I was a bit less anxious this time leading up to the session. It was a big week in many ways but the one thing that came up last time, and that I was determined to at least experiment with if not carry through at every turn, was to practice assertiveness. I know, how typical, right? Doesn't it always seem like everyone is therapy says stuff like this?
Well, maybe it is a pervasive issue in the human psyche. Or at least mine. But we talked a lot last week about how confrontation and assertiveness can seem like a really scary thing to practice. It can cause discomfort and humans do not like discomfort. Well, most don't. I am part of the most don't.
However, I am trying to build awareness of when the need to assert myself is a must and practicing this very delicate art. I'm trying to do it in a different way. The old way that I am trying so hard to break away from is like this: avoid it until it is entirely uncomfortable and messes my mind up completely, then finally say something in a way that leaves me feeling like apologizing afterwards because I came off like a bitch with pent-up rage.
So that old way will not do. I would rather go to bed at night knowing that I made my needs or my kids needs known, in a fair and kind way. The reaction of the other party doesn't matter as much as feeling comfortable with the way I delivered the message.
I stumbled through this task a little bit this week. I can count one time where I didn't do this correctly, one time where I think I did alright, and another time with stellar results.
The stellar results incident was when I had a decent, human discussion with my landlord over this stretch of carpet at the top of the stairs. The dogs like to think of it as an extended version of the yard and, well, it smelled and looked like hell. The tenants before me either used it as a toilet or the designated coffee spill station and it was just horrible. Every night I would find myself carpet shampooing it to no avail, and every morning when I walked over it to use the bathroom it was a sharp reminder that I was a renter with less control than a home owner.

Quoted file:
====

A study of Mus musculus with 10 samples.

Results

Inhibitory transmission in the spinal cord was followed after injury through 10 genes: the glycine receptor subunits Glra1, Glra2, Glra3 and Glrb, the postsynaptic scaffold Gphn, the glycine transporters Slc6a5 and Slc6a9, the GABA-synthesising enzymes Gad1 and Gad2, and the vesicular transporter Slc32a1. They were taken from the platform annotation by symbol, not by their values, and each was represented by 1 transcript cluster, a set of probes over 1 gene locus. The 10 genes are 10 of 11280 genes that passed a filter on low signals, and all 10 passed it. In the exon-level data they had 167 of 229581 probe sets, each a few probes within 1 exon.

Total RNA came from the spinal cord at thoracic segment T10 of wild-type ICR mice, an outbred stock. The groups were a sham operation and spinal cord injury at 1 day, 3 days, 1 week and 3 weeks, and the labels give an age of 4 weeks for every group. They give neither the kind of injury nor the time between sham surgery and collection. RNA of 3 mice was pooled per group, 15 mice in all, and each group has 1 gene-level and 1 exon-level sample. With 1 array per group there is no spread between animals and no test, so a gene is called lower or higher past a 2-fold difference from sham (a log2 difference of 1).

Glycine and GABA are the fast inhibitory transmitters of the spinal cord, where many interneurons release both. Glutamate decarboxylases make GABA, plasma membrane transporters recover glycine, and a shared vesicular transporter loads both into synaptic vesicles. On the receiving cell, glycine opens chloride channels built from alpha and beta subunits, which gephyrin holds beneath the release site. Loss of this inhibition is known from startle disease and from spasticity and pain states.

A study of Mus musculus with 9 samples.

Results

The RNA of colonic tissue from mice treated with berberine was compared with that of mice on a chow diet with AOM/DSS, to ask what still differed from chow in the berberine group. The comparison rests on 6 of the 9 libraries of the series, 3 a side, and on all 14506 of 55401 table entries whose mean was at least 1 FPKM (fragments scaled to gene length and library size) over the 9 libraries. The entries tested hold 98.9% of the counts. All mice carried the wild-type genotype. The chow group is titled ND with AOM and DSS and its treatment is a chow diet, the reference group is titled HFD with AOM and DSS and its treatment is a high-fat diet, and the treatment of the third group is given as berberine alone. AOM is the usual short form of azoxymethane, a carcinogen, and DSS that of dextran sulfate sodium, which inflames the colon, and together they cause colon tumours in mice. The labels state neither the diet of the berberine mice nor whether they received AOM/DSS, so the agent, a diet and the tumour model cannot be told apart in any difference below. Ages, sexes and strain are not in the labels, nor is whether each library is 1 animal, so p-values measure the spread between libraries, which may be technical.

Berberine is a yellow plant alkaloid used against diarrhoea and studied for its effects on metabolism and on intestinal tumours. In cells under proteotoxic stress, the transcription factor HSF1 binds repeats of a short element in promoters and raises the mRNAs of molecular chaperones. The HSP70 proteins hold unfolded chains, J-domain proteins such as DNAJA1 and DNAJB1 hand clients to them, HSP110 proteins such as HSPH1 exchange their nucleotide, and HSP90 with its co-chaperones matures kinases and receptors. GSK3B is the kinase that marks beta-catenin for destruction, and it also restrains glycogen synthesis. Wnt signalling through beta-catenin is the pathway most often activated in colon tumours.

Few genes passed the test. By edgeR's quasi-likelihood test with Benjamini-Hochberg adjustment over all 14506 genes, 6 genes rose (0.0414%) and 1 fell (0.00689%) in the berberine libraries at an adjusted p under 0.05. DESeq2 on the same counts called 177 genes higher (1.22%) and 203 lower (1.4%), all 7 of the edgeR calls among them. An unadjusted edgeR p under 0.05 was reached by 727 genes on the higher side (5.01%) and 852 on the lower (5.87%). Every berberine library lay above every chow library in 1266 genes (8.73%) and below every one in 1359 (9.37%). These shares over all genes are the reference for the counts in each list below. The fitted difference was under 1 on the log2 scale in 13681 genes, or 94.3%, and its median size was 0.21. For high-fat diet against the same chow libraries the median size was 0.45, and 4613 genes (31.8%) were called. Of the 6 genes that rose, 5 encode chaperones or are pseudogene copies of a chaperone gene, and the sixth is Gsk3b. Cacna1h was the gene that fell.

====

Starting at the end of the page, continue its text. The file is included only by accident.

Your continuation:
So I asked him if I could tear it up. No big deal to the rest of the world, but I have always had a very...interesting relationship with my landlords. Always fearful of speaking up. Always not wanting to rock the boat. I know, it's weird and it's all wrapped up in my avoidant personality and my desire to really not be a tenant and to rule my own kingdom (aka HOUSE).
He was thrilled with the idea and basically scolded me for even asking. His words were pretty much this: You are a good tenant, a good woman, and you know how to take care of a house. Do whatever you want and don't feel like you have to ask. Well, alrighty then.
His affirmation and this small gesture, plus a lot of sweat, swearing, and bandaids has taken me miles away from feeling like a person trapped by circumstance to a person who just might be able to enjoy the next couple of years here, before Sadie graduates and it's time to settle back down into my own home again.
I know that ripping up some carpet feels like a silly thing to be so joyful over, but it's huge in my world. We talked about this at therapy and came to the conclusion that it is a small victory in enjoying my life now. My life has revolved around modifying my environment to make it more beautiful and comfortable for so many years now that it made me feel powerless to think that I was unable to do so in a rental. If you've been reading this blog for any length of time you know of my penchant for ripping down wallpaper, spackling, painting, clearing debris, planting things, and basically controlling my own domain. I have missed it and it makes me feel very good to gain some of that back.
My landlord is awesome. My desire, wherever I go, is to leave a place a little bit better than the way I found it. I can do this here and it makes it feel a little bit more like a home.